Our unusual winter continues as we enter March in a melt-freeze cycle. A variable, yet mostly supportable, crust covers the snowpack as high as 4,000′ and higher in some areas. With the intense sunshine yesterday, south facing slopes were able to soften – to some degree – and this should be the case again today. No avalanche activity was seen or reported yesterday.
If you are headed out in search of sunshine and softening crusts, keep an eye out for soft snow that becomes several inches deep or more. In this case, wet loose avalanches will be possible to initiate on steep slopes. Though these are fairly slow moving and predictable avalanches, they can have a lot of mass and momentum behind them. Keeping this in mind with your terrain selection will be key. Even a small wet loose avalanche can be dangerous in terrain traps, channeled terrain, cliffs, etc.
Cornice falls continue to be a concern with our spring-like temperatures and increasing sunshine. Give cornices a wide berth and steer clear from underneath. They are notorious for breaking further back than expected.
At elevations above 2,000′ there is a variable facet/crust combination that sits 1-3′ below the surface. It has been 2-3 days since any slab avalanche activity has been reported at this interface. This activity was in the Placer valley zone and not in the heart of Turnagain Pass. Though the snowpack is tired and the facets are not proving to be very reactive, it is worth noting for those that may be headed out to the far reaches of our advisory area. This is an outlier concern that is mainly confined to >4,000′ in elevation or on steep south slopes that become very soft with the daytime warmth.
It was a beautiful day in the backcountry yesterday with sunny skies and calm winds. During the past 24-hours temperatures have averaged around 32F on the ridgetops and winds have been light and variable. The last precipitation was recorded on February 26/27 where 0.2″ of rain fell up to 4,000′. Side note: The combination of very little wind and intense sun can cause temperature sensors to warm up and record inaccurate readings – this occurred at Sunburst yesterday where a spike of 50F was recorded mid-day even though the true temperature was ~30-35F.
Another round of clear skies is on tap today. Ridgetop winds have shifted overnight to a Northerly direction and will pick up slightly to the 10mph range. Temperatures will remain near 32F on the ridgetops and climb to ~45F at 1,000′.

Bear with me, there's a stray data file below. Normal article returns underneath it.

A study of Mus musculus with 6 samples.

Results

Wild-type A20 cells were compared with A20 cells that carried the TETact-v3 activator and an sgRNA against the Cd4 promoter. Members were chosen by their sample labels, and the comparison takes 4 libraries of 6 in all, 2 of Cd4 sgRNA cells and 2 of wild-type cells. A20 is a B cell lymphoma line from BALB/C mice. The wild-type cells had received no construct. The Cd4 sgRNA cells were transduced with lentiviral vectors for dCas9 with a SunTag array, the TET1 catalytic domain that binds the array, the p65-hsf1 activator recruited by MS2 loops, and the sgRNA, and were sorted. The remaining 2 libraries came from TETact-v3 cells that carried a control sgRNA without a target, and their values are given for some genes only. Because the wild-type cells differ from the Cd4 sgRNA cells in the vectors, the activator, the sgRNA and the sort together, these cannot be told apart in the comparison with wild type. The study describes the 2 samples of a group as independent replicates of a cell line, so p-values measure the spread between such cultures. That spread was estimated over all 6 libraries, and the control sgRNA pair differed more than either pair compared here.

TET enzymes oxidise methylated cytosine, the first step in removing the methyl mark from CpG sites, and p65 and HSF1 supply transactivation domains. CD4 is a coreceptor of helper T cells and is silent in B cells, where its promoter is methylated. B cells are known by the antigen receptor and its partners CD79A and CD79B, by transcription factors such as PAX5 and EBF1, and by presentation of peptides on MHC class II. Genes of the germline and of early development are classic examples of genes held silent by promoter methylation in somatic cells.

Monday temperatures will begin to drop as a cold front slides in with a chance for an inch or two of snow on Tuesday into Wednesday.
If you have not done so already – be sure to bookmark this RWIS site for Turnagain Pass. Thanks to the AK DOT who are currently getting the weather station back up and running (not all data is up yet). And a special thanks to Matt Murphy (AK DOT Avalanche Program Director and former CNFAIC forecaster) for programing in views of Eddie’s, Tincan, Seattle Ridge and the new snow stake!
Seattle Ridge (left) and Tincan (right) webcam images from 3/1
|04/19/21||Turnagain||Avalanche: Triangle, Seattle creek||Will Morrison|
|04/18/21||Turnagain||Avalanche: Turnagain Pass Road Obs||Andy Moderow|
|04/18/21||Turnagain||Observation: Seattle Ridge, approximately 300 yards south of the up track||Brent Byrne|
|04/17/21||Turnagain||Avalanche: Road obs||Johnston-Bloom / Moderow Forecaster|
|04/16/21||Turnagain||Avalanche: Seattle Ridge||Wendy Wagner Forecaster|
|04/16/21||Turnagain||Avalanche: Turnagain Pass, non-motorized side seen from Seattle Ridge||CNFAIC Staff Forecaster|
|04/16/21||Turnagain||Observation: Sunburst||Lance breeding|
|04/15/21||Turnagain||Observation: Tincan||Schauer/ Rothman Forecaster|
|04/13/21||Turnagain||Observation: Turnagain Pass Road Obs||A Schauer Forecaster|
|04/12/21||Turnagain||Observation: Tincan||Johnston-Bloom / Latosuo Forecaster|
Status of riding areas across the Chugach NF is managed by the Glacier and Seward Ranger Districts, not avalanche center staff. Riding area information is posted as a public service to our users and updated based on snow depth and snow density to prevent resource damage at trailhead locations. Riding area questions contact: firstname.lastname@example.org
|Area||Status||Weather & Riding Conditions|
This is a general backcountry avalanche advisory issued for Turnagain Arm with Turnagain Pass as the core advisory area. This advisory does not apply to highways, railroads or operating ski areas.